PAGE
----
There’s more pressure than ever to reduce carbon dioxide emissions from electricity generation. And no one is keener than the team here at Drax Power Station to make it happen. In fact, we’ve been doing it for a decade. But we need the right support to finish the job.
- We upgraded our turbines between 2007-12 to save one million tonnes of CO2 emissions.
- We’ve converted half our station to run on compressed wood pellets instead of coal – reducing emissions by up to 86 per cent.
- Our friends in the North of England have invested millions of pounds to help us make that happen, through building new infrastructure at our landing and loading facilities at the Port of Tyne, the new port at Liverpool, at Hull and at Immingham.
- We’ve designed and commissioned our own rolling stock with Lloyds Register Rail to ensure that the compressed wood pellets can be transported to the power station in the most energy-efficient way possible.
And while many jobs in the North of England are being lost with the planned closure of a number of older coal-fired power stations, we continue to employ over a thousand people directly here in North Yorkshire.
In fact, it’s no exaggeration to say that Drax is a genuine Northern Powerhouse, to borrow a phrase from the Chancellor of the Exchequer.
Which is why we hope he and his colleagues in Government will listen when we say that we’re seriously concerned that the planned auctions for new green energy could result in bill payers missing out on savings of over £2 billion.
The Government has committed to three further renewable energy auctions that will happen over the next few years. The first of them is already planned for later in 2016.
As far as we know, those auctions will only be open to offshore wind and perhaps also something being referred to as ‘less established technologies’.
But independent research published by NERA and Imperial College London suggests that a ‘single technology’ approach could waste a significant amount of money.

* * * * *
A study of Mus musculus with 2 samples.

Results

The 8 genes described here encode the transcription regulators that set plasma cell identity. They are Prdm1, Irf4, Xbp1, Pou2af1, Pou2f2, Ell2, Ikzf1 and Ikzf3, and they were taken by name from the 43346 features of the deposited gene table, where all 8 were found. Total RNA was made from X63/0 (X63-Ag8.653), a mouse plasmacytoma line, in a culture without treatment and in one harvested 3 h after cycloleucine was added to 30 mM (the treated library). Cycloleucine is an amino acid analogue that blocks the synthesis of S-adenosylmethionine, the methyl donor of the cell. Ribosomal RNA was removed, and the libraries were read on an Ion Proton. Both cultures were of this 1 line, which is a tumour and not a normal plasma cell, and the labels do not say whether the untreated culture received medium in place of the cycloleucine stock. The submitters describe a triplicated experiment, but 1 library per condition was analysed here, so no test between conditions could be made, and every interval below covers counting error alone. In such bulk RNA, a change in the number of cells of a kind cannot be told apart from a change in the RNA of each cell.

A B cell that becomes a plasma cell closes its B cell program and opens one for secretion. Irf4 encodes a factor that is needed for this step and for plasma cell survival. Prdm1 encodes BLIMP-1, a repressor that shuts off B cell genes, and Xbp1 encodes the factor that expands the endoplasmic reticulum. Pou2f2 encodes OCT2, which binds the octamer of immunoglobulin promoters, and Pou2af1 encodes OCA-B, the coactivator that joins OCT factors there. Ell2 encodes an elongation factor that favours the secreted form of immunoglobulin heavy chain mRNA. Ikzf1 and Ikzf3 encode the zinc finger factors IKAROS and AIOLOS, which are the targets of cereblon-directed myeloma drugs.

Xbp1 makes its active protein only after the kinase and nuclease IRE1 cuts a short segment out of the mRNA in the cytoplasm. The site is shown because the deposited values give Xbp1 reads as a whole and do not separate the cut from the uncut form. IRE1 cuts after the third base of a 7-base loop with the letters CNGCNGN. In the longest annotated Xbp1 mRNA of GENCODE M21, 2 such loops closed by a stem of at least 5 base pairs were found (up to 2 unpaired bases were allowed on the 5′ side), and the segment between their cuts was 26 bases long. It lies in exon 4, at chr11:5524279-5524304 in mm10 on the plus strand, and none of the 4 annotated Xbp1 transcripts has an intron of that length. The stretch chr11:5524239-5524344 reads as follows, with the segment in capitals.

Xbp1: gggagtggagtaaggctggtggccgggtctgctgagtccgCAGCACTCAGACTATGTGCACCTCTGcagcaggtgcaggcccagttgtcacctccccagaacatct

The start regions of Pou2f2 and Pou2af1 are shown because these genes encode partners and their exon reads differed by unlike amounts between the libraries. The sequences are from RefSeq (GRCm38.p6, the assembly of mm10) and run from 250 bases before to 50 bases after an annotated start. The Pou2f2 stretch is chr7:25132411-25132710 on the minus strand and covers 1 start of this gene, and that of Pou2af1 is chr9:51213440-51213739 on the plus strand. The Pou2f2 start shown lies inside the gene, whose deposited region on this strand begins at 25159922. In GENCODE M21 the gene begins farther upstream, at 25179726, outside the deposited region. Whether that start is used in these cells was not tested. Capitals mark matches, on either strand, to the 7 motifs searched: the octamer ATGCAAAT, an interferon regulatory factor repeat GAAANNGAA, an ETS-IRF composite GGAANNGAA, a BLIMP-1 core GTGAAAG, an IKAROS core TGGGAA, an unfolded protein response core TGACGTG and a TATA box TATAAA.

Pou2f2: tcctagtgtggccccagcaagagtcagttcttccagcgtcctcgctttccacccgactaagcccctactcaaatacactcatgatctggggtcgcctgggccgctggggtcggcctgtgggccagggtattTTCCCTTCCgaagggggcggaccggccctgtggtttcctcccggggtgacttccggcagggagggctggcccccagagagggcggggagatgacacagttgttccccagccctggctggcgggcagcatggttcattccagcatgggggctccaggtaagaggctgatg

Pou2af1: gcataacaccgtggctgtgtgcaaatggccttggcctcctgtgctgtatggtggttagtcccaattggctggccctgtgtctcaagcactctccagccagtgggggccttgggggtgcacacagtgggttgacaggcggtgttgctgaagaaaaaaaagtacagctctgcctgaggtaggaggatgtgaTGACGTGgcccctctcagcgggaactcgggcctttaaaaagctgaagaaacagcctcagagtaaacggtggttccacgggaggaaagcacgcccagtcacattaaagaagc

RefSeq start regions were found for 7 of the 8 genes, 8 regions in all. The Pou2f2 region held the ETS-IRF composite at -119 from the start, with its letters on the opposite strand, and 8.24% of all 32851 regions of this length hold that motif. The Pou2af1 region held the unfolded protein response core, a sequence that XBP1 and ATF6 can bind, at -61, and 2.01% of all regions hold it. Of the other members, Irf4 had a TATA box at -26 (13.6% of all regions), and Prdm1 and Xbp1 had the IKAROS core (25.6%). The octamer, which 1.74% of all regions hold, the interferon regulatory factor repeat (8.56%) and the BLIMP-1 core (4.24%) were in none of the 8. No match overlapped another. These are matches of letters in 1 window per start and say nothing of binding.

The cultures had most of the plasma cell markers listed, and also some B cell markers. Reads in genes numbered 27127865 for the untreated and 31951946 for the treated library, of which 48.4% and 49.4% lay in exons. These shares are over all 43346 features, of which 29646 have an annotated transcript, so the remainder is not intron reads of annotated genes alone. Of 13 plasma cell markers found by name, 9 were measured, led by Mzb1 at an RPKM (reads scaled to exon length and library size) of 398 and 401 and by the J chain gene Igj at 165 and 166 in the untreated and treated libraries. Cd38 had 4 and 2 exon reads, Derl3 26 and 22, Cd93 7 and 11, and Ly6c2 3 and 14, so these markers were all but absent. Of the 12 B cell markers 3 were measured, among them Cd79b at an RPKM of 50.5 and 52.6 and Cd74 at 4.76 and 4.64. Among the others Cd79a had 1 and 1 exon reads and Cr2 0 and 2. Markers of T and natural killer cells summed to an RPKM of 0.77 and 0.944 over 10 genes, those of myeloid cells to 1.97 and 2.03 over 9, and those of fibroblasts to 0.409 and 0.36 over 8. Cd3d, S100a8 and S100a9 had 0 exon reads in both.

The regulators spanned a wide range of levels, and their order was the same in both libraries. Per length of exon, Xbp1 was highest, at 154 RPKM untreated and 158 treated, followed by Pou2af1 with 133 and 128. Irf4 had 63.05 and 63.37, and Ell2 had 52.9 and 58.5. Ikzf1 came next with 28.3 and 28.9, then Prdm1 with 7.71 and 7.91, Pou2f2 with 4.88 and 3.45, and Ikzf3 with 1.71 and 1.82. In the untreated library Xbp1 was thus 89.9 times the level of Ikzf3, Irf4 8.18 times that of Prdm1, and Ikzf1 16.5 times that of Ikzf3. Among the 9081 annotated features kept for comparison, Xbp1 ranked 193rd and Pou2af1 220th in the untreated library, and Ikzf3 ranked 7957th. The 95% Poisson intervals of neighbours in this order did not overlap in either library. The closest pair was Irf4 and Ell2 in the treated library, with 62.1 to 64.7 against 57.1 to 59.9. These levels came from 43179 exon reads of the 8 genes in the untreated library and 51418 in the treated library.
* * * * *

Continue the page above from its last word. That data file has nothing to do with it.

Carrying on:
The research was commissioned by Drax to establish the ‘true’ cost of the main renewable energy technologies – wind, solar and biomass.
As a result, economists conclude that hard working families and businesses could enjoy significant savings if these auctions were opened up to include other renewables.
But the sun doesn’t always shine and the wind doesn’t always blow. This makes wind and solar intermittent energy technologies. Backup power is needed when the weather’s not right or when demand is high.
Naturally, this standby energy isn’t free. Someone has to pay for it.
But those additional costs are not currently included in the way that the Government calculates how much support the different kinds of renewable energy require.
And the ICL/NERA research shows that when the true costs are added in, offshore wind is actually the most expensive form of renewable energy.
The affordable solution is to convert existing power stations to use compressed wood pellets in place of coal. This balanced approach also allows more offshore wind and solar onto our electricity network without the need for more fossil fuels to provide overall reliability. More biomass conversions can also help the UK end coal by Energy Secretary Amber Rudd’s 2025 target date.
That’s what we mean when we say Drax needs the right support to finish the job. We’re asking the Government to consider the true cost of bringing new renewable capacity on stream. And then to add sustainable biomass to the auctions for new contracts.
That decision could save bill payers up to £2bn. It could safeguard thousands of direct and indirect jobs in Yorkshire and the North of England. And it will give our country the reliable, renewable power we need when others just can’t deliver it.